Paul George won't play a minute at power forward for the Pacers this season.
The Pacers star will hopefully play 35-40 minutes per game without any issues following his recovery from a broken leg. He will be on the court with four other teammates. Three of those teammates may often be smaller than PG, but that doesn't mean he's playing power forward.
PG will just be playing.
Seems like everyone is hung up on the term "power forward" (most notably, PG himself) when in fact in a small-ball, "positionless' lineup relying on athleticism and speed, Paul George will simply be playing.
Since the term "power forward" conjures up images of Maurice Lucas, Dale Davis or for you young folk, David West, I like to refer to PG's proposed role as one of a power fauxward.
The idea isn't to put PG in the post and have him banging around with bigger bodies. As Frank Vogel described on the Dan Dakich show today, the Pacers want to take a page from the Miami Heat, spread the floor and create room for their playmakers to get to the rim. Here are some quotes on the topic from the Pacers coach:
Vogel on running more: We're not going to turn into a defensive-less, try to score 140 points a game type of team. We want to win. That's the plan here. The goal isn't to go out and just become a running team. The goal is to go out and win games and to do that we think we can be more proficient in the running game and play with some smaller lineups that are going to give us some better offensive spacing and allow some of our elite basket attackers and drivers to have driving lanes to get to the rim. While we're doing that, we're going to hold the same standard on the defensive end.
Vogel on adding speed: What we've benefited from in terms of size the last couple of years, we've been hurt by our lack of mobility. Even though we will be smaller, we won't be as long by position as we've been the last couple years, we will be faster. Hopefully we can contain better, hopefully we can cover a lot more ground on the defensive end and be more of a rotating team and that will help us get out on the break.
Vogel on league shift to small lineups: While Golden State won a championship doing that (small ball) this year, this all in my mind, began a couple of years ago with what Miami did. They basically saw two elite offensive players in Wade and James and said, let's give these guys offensive space. Let's open up, let's take the bigs out, let's make Bosh a three-point shooter whether he's at the four or the five, and at times play with five three-point shooters out there and then force teams to try to contain the elite offensive weapons with everybody out at the three-point line. It's very difficult to guard.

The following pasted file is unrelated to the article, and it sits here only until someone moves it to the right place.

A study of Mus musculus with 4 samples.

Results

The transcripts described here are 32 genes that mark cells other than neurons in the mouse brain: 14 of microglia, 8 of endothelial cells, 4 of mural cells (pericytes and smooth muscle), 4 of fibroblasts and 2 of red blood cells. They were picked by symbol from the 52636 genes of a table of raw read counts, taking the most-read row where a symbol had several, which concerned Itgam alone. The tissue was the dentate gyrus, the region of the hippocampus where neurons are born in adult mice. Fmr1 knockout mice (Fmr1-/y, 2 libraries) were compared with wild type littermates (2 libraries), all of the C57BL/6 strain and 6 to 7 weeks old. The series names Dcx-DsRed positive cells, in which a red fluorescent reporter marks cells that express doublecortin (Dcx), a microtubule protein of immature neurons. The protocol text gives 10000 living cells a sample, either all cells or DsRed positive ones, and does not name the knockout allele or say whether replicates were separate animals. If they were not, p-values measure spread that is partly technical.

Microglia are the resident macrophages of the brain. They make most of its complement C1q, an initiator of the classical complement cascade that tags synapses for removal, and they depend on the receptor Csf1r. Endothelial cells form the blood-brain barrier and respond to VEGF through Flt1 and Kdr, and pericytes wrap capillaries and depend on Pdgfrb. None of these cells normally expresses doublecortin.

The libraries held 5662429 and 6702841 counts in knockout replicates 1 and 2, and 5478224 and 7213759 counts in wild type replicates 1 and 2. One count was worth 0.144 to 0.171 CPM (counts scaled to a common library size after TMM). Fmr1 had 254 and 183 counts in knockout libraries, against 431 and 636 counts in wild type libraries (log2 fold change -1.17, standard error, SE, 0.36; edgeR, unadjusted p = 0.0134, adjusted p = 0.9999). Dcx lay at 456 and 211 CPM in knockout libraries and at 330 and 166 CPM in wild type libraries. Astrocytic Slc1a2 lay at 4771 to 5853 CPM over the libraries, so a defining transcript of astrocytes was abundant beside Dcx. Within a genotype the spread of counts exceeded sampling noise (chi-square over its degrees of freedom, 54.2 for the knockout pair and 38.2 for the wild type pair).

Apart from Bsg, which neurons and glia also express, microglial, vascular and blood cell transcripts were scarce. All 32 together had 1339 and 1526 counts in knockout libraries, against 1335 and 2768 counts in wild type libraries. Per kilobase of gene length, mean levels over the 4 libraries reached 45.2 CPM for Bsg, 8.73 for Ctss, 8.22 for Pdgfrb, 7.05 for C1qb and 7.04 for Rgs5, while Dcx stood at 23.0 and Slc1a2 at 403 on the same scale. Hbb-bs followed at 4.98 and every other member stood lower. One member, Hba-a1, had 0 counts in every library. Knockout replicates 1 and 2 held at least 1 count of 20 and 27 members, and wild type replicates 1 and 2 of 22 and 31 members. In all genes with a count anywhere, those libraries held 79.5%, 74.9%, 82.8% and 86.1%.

So what about anything Vogel described could discourage Paul George? He is LeBron in Vogel's description, the elite basket attacker regardless of which position you put next to his name.
Later in the day, Vogel went further and told Candace Buckner, he's favoring a starting lineup of George Hill, Monta Ellis, C.J. Miles, Paul George and Ian Mahinmi. In the natural order of that player list, PG is at power forward
We know this is going to be a different season for PG, but as he told JMV on Thursday, he's ready to roll, so he should worry more how his role is defined not labeled.
Paul George on feeling good: I'm better than the old me. Just wiser. A lot of guys get two to three months in the summer to workout and train to improve. It felt like I got a whole year to workout and train to improve. So just being out, I feel much more wiser. Just a better player and better person.
PG then went on to say he wasn't thrilled with the idea of playing a new position and figured teams would test his strength and ability to guard bigger players. He didn't back down from the challenge but made it clear he is not a fan of the idea. He expressed similar issues with the proposed plan to Candace Buckner and USA Today's Sam Amick.
"Yeah, I believe (that's his main concern)," George said. "It's just being outmatched strength-wise with guys at the four spot is really the only concern. It's not really the concern for one game. It's the concern just over the course of a season just how my body would take it, especially coming off the injury that I had and a whole year of rehabbing. Just not sure of how it's going to take it. (We'll) start camp, see how camp goes. Again, I'm not too thrilled on it, but it could change the more comfortable I get at the position. But we'll see. But again, I could very much end up loving it, so it's all up in the air. I'm open to the position."
Someone needs to sell the star better. I don't get the disconnect.
PG needs to focus on the scheme not semantics. He said he's been in Indy, excitedly prepping for the start of the season for the past six weeks. That's a lot of time at the Fieldhouse, so you'd think PG and Vogel would share more than small talk with one another.
If PG is truly better than ever, and Vogel gushed over how good he's looked, which would indicate the team won't be protecting PG at power forward, then he shouldn't worry about what position he plays. The Pacers must have PG defending at an elite level again if they want to consider the playoffs this year. That also means he won't be matching up against big guys down low, but instead against the biggest threat on the other team, regardless of position.
Obviously, the Pacers have enough big guys to play big if needed and not put PG at a disadvantage down low. With a versatile collection of players on the roster, the Pacers now have options to attack a variety of matchups.
Seems pretty clear when you view it through the lens of common sense. Unfortunately, things are blurry as the Pacers head to camp next week and today will deliver a flurry of disgruntled Paul George stories before the team even takes the court together.